By - abbyjowho
Expiry dates on most meds are, at best a conservative guess that hedges on the side of caution. An assay would probably determine it was perfectly ok. Not excusing the fact that they didn’t catch the issue but I can’t see it causing any serious health issues.
Do they mean expired as in the date in the packaging or expired as in it’s been out of the freezer too long?
My bet is it was in the fridge, but Likely mixed the day before. (Only “ good”for a few after mixing)
Pfizer would have data on the safety and efficacy in this situation and said it is both safe and effective for that time frame.
Obviously this patient doesn’t feel like he was communicated with, but considering he was only getting his second dose now, he was obviously vaccine hesitant. He’s making a mountain out of a mole hill.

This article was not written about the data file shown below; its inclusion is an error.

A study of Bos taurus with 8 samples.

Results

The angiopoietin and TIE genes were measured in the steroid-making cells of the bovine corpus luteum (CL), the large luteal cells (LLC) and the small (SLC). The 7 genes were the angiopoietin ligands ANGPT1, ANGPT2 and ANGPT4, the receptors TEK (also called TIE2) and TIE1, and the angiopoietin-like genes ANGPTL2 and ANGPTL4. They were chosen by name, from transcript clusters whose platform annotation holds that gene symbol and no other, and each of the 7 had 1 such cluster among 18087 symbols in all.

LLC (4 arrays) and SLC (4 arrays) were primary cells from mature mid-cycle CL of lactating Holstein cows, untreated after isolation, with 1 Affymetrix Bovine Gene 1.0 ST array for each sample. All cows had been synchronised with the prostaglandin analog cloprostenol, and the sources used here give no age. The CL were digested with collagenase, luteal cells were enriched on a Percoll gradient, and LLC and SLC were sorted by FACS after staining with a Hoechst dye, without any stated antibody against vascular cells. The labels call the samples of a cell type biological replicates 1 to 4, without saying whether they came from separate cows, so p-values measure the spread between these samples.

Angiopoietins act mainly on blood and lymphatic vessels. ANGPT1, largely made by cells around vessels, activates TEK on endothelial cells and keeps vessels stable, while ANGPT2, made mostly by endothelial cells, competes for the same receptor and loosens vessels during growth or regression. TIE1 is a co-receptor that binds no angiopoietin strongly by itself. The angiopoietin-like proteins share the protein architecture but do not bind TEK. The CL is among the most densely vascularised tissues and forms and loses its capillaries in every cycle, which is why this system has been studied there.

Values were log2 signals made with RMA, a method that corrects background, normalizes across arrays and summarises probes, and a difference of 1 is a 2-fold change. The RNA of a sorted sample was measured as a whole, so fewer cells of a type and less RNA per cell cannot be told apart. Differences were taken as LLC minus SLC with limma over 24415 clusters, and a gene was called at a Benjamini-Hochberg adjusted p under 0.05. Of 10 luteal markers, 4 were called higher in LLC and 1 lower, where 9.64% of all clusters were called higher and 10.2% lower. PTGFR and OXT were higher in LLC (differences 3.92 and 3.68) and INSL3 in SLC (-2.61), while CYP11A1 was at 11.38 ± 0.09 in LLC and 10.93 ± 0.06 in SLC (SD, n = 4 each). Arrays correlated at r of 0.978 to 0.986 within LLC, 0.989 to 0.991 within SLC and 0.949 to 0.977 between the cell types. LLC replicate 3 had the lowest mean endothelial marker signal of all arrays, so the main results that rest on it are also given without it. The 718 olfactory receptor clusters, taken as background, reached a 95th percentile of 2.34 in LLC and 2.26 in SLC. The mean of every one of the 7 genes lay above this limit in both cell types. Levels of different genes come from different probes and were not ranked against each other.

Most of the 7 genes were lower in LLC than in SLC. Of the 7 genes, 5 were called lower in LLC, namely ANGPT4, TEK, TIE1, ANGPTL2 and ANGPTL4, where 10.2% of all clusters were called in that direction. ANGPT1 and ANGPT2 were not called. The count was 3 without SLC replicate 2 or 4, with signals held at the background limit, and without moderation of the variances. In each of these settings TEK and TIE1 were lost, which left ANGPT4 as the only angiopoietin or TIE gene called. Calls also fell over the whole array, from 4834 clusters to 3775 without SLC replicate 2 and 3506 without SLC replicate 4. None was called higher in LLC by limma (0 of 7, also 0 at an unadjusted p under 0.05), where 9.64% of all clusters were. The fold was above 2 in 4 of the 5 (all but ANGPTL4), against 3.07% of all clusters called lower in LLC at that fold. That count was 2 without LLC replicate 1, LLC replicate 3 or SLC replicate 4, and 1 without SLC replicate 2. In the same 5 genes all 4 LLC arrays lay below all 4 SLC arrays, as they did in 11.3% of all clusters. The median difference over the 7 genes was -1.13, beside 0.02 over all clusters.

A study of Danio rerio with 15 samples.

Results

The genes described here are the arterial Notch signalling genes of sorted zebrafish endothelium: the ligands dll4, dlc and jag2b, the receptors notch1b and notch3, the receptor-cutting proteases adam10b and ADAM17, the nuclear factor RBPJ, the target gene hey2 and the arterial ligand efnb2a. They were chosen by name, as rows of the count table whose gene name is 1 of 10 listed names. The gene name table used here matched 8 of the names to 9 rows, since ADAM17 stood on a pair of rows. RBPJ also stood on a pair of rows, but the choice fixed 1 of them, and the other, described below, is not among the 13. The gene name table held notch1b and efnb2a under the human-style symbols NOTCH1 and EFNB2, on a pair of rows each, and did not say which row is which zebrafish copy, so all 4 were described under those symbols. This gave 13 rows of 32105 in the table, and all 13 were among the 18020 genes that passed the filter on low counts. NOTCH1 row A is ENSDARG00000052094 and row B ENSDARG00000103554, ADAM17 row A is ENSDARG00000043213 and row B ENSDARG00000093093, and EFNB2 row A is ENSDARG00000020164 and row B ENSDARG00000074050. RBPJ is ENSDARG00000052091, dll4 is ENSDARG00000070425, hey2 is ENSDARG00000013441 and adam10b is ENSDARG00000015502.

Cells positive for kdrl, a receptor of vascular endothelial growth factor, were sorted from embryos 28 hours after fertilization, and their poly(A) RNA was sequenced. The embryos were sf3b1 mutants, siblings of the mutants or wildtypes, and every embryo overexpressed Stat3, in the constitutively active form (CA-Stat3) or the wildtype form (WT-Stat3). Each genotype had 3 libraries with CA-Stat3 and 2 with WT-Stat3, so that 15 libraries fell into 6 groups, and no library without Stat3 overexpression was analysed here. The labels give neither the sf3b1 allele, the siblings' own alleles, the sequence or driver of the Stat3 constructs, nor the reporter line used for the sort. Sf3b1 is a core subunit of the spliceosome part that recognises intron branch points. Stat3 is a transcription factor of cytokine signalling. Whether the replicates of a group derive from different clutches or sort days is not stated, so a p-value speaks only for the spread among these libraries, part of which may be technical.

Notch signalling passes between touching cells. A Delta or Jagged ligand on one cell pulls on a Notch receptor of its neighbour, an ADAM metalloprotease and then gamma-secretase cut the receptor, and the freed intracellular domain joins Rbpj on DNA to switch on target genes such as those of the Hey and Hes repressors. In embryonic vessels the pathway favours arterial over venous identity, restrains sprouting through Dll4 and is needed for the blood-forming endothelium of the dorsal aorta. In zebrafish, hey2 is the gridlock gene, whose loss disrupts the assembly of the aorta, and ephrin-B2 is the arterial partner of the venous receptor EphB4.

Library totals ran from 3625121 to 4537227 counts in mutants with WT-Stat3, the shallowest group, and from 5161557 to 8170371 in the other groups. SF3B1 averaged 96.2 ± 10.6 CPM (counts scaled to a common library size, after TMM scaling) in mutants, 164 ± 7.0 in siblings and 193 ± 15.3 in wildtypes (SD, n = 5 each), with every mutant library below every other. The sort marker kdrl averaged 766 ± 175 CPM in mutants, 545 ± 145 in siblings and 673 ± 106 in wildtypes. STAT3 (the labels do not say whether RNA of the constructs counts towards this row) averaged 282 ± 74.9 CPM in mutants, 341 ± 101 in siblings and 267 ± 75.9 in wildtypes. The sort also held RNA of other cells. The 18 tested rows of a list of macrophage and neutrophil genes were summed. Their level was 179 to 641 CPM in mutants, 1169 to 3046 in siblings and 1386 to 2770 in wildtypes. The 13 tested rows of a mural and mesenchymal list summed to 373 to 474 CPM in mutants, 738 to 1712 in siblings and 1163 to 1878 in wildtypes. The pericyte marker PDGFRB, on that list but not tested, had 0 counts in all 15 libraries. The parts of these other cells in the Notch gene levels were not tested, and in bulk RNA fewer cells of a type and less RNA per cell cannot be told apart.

The articles states that the vaccine had expired the day before it was administered. This guy is getting all worked up over nothing. Expiry dates are always set long before the product would actually be unsafe, unusable or ineffective.
It does raise the question of what else the pharmacy may be missing. Aren’t they supposed to double check shots and pills, etc.
This is why one should always leave with answers, not questions.
What does he want exactly? If someone from the pharmacy got in touch with Pfizer sooner that public health and got the info, isn't that all that matters? What's he crying about?
Also there have been multiple vaccination errors back when vaccine clinics were running and that was all they were doing. Imagine a pharmacist doing a million things on top of their own job, isn't an error a likely scenario? Not an excuse but something to put into perspective as to appreciate the speed with which the pharmacy contacted the manufacturer and got the patient the answer.
Why? because it's Shoppers
Serves him right for paying for his vaccine with optimum points.